Is it possible to have a super hero with no super power, no redeeming qualities, no special talents and no moral fiber?
It’s an interesting question, and Indie darling director, teamed up with writer and star Seth Rogan, seem like the perfect, if unlikely candidates, to give it an answer in “The Green Hornet,” based on the 1930s radio show. The concept is fascinating, however the product is simply a profile of an unlikeable person, dressed up in a costume.
It pains me to say this; I really wanted to like “Green Hornet” with its strange choice of director and quick-witted star. But Rogan (as well as co-writer Evan Goldberg) wrote Britt Reid, party boy and newspaper publisher-turned-vigilante, to be so unpalatable, so manipulative and weak, it becomes embarrassing to watch him. There is no Batman-esque dark night of the soul, no Spider-Man adolescent angst, and certainly no Superman moral rectitude. There isn’t even any Iron Man charm softening the edges of Rogan’s Hornet.
The back story gives him a dead mom and a dick father, which is supposed to be the reasoning behind his meanneass and callowness towards his fellow human beings. When his father dies, supposedly from a bee sting, Reid take over his family’s news empire and discovers his father’s assistant, a Chinese immigrant named Kato (Jay Chou), who’s a mechanic, karate expert and all-around renaissance man. Together they become vigilantes who actually use their notoriety as a weapon.
Written by: Seth Rogan and Evan Goldberg
Starring: Seth Rogan, Jay Chou, Christoph Waltz
I have to say, it’s entertaining for a little while, and even freeing. Here, finally, is a selfish, pompous, manic hero for the rest of us- a guy who uses a cape and a veneer of ethics to work out his daddy issues like a man! Reid talks very much like Rogan’s characters from other films, with a constant, slightly drunken stream of conciousness that really is pretty funny. And Chou as Kato, with his taste for classical music, badass karate moves and beautiful eyes, is more crushworthy than a thousand Edward Cullens with their shirts off.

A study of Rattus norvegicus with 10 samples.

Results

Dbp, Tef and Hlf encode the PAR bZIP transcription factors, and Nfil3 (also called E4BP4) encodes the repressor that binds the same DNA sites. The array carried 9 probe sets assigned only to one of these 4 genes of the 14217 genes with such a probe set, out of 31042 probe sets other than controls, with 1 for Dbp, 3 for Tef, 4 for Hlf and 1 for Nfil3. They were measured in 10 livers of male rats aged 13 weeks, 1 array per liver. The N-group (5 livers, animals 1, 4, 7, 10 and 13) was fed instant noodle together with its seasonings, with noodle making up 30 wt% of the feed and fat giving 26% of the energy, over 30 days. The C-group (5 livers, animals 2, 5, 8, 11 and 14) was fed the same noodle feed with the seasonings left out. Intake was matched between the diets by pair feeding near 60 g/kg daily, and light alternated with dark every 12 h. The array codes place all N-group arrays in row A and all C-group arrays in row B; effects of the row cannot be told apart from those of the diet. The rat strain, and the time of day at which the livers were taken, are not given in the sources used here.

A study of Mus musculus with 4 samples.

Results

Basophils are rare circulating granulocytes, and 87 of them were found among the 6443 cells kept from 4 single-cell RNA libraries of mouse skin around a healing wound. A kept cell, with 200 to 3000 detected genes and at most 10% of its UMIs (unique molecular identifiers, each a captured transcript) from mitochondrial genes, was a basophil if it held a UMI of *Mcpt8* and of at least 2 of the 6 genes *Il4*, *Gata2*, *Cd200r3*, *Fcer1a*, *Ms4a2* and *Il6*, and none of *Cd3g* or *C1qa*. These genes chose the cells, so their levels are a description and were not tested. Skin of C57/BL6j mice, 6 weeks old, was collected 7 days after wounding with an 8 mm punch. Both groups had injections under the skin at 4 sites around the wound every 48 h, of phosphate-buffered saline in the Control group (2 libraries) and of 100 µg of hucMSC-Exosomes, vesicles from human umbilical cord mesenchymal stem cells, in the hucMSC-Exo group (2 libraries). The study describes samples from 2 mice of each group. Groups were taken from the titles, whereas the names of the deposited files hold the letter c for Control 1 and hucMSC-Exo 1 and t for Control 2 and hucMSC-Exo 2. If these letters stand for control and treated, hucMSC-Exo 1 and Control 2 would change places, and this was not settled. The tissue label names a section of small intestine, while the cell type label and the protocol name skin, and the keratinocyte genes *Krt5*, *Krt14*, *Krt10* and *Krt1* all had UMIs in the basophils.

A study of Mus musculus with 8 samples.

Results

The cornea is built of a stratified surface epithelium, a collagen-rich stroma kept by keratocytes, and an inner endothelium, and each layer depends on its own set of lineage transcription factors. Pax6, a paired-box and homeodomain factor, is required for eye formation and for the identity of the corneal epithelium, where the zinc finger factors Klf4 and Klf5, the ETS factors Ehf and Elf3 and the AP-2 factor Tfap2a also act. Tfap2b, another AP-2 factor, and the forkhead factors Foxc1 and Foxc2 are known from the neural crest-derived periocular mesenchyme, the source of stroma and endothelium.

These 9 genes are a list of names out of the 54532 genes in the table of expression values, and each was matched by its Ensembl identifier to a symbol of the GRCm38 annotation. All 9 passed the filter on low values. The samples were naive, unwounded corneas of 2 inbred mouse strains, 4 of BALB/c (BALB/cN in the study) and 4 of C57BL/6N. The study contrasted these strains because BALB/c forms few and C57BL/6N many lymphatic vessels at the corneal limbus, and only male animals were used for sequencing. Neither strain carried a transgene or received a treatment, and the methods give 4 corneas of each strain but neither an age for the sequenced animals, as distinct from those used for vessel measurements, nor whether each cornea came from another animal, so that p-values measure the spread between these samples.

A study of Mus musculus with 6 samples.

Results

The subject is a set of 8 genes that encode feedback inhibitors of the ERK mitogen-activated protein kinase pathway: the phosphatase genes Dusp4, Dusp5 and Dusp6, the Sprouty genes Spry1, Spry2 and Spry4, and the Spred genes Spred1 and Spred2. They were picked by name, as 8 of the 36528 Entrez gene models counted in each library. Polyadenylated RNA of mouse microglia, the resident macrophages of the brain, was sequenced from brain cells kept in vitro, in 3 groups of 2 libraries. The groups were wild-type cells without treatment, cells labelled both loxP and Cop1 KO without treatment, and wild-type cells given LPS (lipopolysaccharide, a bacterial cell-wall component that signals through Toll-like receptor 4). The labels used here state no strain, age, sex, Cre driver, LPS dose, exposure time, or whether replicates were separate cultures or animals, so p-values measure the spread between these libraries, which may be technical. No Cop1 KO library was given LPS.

But after, say, half an hour, Reid’s character isn’t just enraging- it’s boring. the genius of Robert Downey, Jr.’s performance in “Iron Man” was that he would do despicable things, but he was so damn charming you just didn’t care. And by the time he becomes Iron Man, you actually believe it.
Also, you know, he was a genius who could actually do super hero things. In case you haven’t figured it out, Kato is the one with all the skill and ingenuity to be a super hero. Reid’s job is to use his newspaper as a marketing tool and buy all the stuff Kato needs. And then take all the credit. Perhaps it’s silly to rag on a character like this- normally I avoid making judgements of fictional people. But it’s annoying to go through a whole film thinking, “But I like Kato! He’s funnier and smarter and can actually do martial arts! Why can’t the movie just be called “Kato”?
There are wonderful moments in “Hornet”, mainly related to the film’s casting. James Franco makes a hilarious cameo as a drug lord, and Edward James Olmos galumphs companionably around Reid’s newsroom as its editor. Christoph Waltz, maybe the best villain of the last decade in “Inglourious Basterds” makes a lot of a small role as Chudnofsky, a criminal kingpin with an inferiority complex.
But Reid is the star. Hell, his alter-ego is the title. And if there’s no change, no illumination, why are we watching? Reid’s character ends the movie the same old bastard he started as- just in a mask. You can add as much 3D as you want to that story- it doesn’t make it interesting.